Spring is almost here and with it comes the deadline for medical device manufactures to conform to the new Medical Device Directive from the European Community, 2007/47/EC.
Any medical device manufacturer selling products in Europe will have to consult with its notified body to learn of any impact the new directive will have on its products and to gain certification or obtain formal exemptions where qualified.
From a localization and translation perspective, the new European directive requires that software used in medical devices be localized into the languages of all the EC countries that the product is sold into. This means that the user interface (UI), graphical or otherwise, will need to be in the language of the user.
For quite some time now, medical device manufacturers relied on translation service providers to convert into other languages their labels, inserts, manuals, leaflets, instruction of use and other printed documents necessary for international users to understand and operate their devices. As of March 21st, 2010, medical device manufacturers that incorporate software in their products will have the additional responsibility of shipping localized software with their products, or risk losing their CE marking and therefore be forced to cease selling in key European markets.
Software localization is not as simple as document translation. There are many issues involved that require additional technical expertise and savvy. Files come in different formats, require different character encoding, have real-estate and character size constraints, and require parsing, processing and regeneration without impacting the code that is essential to build and operate the product. Errors unintentionally inserted in the code by inexperienced translators can result into endless debugging hours and significantly extend quality assurance time, leading to higher costs.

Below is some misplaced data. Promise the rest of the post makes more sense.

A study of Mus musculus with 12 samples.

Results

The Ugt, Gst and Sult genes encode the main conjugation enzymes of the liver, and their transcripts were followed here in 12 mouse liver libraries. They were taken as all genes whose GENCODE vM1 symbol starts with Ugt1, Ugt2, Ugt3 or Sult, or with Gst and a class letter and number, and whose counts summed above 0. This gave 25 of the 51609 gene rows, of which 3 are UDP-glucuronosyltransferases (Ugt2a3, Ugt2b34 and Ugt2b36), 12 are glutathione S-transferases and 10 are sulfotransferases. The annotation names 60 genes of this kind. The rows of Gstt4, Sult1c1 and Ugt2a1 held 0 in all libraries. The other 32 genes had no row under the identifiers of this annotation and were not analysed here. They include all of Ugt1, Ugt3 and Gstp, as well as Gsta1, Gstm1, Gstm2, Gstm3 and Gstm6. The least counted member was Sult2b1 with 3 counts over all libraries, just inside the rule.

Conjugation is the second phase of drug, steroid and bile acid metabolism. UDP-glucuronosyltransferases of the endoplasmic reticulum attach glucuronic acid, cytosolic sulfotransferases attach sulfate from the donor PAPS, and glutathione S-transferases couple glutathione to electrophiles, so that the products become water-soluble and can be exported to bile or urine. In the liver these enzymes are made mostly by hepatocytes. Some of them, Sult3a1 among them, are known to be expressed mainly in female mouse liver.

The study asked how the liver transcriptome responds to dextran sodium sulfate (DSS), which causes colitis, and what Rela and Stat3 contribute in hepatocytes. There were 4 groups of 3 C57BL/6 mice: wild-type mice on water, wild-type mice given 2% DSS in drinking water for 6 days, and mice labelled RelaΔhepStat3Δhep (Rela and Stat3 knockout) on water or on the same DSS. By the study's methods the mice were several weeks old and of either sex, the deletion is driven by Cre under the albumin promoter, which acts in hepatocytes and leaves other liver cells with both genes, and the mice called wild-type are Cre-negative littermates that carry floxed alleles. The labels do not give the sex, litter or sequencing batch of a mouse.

Furthermore, software localization processes are very different from document translation. They require a detailed localization kit, different tools, unique Localization QA steps, and more sophisticated implementation strategies. For instance, translation management systems will be essential in maintaining consistency throughout the product, attending to last minute software updates, reporting tickets and addressing out of context UI string translations.
In short, you need software localization experts in addition to subject matter experts, to attend to these new needs. Can your current translation vendor handle these new challenges? If not, time may be ripe for a spring cleanup!
Check out GlobalVision’s medical translation services for more information!